Welfare Reform and Community Colleges

A Policy and Research Context

By Thomas Brock, Lisa Matus-Grossman, Gayle Hamilton

For almost as long as there has been welfare, there have been efforts at reform — but none so dramatic as the Personal Responsibility and Work Opportunity Reconciliation Act (PRWORA), passed by Congress in 1996. PRWORA replaced the nation’s primary cash assistance program, Aid to Families with Dependent Children (AFDC), with Temporary Assistance for Needy Families (TANF). As a result, welfare recipients can no longer collect benefits indefinitely, and are under strong pressure to find work. Community colleges — which have long been players in helping welfare recipients and other low income people acquire skills and gain entry or advance in the labor force — face new opportunities and challenges in delivering education, training, and other services to the welfare population.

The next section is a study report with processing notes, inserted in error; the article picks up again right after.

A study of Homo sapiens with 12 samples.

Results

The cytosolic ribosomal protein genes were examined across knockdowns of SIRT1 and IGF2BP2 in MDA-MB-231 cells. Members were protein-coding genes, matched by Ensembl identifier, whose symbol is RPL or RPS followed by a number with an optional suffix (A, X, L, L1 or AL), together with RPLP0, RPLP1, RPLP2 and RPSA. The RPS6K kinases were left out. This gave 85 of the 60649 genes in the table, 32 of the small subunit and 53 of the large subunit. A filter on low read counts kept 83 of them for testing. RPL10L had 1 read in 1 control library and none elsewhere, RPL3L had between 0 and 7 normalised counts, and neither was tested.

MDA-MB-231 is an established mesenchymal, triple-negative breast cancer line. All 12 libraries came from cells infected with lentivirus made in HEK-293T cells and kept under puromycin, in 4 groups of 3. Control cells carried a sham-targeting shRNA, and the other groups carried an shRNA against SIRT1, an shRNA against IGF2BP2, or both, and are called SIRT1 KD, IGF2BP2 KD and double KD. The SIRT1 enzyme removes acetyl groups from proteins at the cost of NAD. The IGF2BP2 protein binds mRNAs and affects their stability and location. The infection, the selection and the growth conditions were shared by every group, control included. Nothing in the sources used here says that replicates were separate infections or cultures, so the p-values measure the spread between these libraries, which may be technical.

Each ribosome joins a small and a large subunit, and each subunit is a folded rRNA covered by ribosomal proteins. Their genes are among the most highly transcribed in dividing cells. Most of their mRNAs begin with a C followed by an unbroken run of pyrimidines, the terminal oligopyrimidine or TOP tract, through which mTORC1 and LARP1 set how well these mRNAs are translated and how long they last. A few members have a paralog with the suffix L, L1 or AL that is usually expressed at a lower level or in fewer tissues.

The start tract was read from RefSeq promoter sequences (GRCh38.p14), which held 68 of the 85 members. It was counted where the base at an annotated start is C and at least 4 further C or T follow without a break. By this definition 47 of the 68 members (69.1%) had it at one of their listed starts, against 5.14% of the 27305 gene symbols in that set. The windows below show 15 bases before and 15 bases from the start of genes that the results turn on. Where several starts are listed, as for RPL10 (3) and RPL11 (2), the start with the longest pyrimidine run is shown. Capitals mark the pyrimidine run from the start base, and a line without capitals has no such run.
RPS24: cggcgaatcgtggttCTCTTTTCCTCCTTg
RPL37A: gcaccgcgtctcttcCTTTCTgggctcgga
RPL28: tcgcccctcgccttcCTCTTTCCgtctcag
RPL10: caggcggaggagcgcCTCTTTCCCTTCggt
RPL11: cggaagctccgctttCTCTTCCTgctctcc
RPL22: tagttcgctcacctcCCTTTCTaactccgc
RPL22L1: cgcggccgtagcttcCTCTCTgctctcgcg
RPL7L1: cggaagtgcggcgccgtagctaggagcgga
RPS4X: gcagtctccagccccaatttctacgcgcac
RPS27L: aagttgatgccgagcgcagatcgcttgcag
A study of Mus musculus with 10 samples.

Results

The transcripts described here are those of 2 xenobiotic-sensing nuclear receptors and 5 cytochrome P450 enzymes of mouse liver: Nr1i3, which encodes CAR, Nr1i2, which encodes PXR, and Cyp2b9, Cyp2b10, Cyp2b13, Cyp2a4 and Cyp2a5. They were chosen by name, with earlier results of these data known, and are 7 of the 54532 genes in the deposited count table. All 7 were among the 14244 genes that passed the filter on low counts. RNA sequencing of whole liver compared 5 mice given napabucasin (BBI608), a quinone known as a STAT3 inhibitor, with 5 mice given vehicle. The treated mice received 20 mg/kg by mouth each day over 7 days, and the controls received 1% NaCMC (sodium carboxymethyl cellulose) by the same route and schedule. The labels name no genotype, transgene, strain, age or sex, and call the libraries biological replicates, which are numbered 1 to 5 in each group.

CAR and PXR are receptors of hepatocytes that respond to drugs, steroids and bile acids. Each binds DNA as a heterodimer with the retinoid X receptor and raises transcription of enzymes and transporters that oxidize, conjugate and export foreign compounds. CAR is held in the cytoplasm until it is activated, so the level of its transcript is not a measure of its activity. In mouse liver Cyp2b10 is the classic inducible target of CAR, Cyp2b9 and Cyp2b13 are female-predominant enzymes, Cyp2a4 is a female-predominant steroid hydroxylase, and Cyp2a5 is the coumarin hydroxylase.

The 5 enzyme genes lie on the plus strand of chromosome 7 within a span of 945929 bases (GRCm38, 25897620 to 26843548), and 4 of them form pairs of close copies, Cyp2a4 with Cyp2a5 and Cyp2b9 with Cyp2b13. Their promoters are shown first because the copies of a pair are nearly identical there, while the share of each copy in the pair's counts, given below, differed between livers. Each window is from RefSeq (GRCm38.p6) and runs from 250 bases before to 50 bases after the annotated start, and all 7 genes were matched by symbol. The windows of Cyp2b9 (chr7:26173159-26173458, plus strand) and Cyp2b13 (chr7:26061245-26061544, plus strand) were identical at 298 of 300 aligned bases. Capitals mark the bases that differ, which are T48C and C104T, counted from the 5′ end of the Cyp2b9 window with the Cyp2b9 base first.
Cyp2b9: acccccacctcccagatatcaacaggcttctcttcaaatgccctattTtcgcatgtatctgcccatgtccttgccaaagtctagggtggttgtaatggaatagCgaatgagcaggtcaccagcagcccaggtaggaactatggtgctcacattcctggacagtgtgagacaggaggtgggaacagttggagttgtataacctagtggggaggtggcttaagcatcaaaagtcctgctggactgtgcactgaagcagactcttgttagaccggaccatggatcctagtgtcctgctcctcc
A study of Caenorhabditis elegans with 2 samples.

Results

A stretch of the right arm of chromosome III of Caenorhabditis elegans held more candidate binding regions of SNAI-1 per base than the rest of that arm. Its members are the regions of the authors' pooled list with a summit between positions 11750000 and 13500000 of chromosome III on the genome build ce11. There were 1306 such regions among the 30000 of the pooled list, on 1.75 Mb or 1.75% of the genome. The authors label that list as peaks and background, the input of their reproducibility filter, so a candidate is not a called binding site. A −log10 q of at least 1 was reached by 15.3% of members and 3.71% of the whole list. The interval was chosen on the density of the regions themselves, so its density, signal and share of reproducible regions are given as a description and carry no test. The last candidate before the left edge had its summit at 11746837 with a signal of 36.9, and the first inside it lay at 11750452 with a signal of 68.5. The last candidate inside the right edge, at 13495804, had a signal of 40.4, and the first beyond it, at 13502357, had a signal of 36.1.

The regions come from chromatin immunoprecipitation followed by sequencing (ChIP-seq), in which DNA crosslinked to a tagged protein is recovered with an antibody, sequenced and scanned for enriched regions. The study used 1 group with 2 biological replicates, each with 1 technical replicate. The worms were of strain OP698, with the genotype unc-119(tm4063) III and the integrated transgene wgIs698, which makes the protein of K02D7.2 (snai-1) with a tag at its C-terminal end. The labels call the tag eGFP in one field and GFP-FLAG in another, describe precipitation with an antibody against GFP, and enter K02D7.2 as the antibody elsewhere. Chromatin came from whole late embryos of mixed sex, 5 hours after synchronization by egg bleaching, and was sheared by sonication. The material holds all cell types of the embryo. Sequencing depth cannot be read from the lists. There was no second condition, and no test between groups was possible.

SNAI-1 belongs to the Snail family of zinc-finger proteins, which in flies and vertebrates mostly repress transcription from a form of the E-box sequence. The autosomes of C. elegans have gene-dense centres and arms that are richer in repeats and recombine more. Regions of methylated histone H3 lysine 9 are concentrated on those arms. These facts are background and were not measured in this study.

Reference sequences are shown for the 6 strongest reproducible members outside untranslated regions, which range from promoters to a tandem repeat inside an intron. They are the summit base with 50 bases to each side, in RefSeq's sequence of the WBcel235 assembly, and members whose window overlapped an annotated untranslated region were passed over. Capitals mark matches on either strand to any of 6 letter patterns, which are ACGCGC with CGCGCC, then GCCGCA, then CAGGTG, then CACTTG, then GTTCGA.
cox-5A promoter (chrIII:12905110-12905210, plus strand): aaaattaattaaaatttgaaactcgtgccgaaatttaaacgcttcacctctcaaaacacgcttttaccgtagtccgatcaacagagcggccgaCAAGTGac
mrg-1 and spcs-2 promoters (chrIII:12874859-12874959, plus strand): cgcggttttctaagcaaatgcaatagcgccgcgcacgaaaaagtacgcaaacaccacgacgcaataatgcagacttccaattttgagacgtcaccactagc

For more than 25 years, MDRC, a nonprofit, nonpartisan research organization, has studied the implementation and effects of programs that have attempted to increase self-sufficiency and improve life circumstances of people on welfare. In this paper, we review some major findings and consider their implications for community colleges. We focus in particular on recent findings from the National Evaluation of Welfare-to-Work Strategies (NEWWS), a federally-initiated study that answers two key questions asked by those who run welfare-to-work programs: what works best, and for whom? We also draw upon the early findings from Opening Doors to Earning Credentials, a foundation-sponsored initiative that is looking at ways to eliminate barriers and expand opportunities for welfare recipients and low-wage workers in postsecondary education.

Brock, Thomas, Lisa Matus-Grossman, and Gayle Hamilton. 2002. “Welfare Reform and Community Colleges.” New York: MDRC.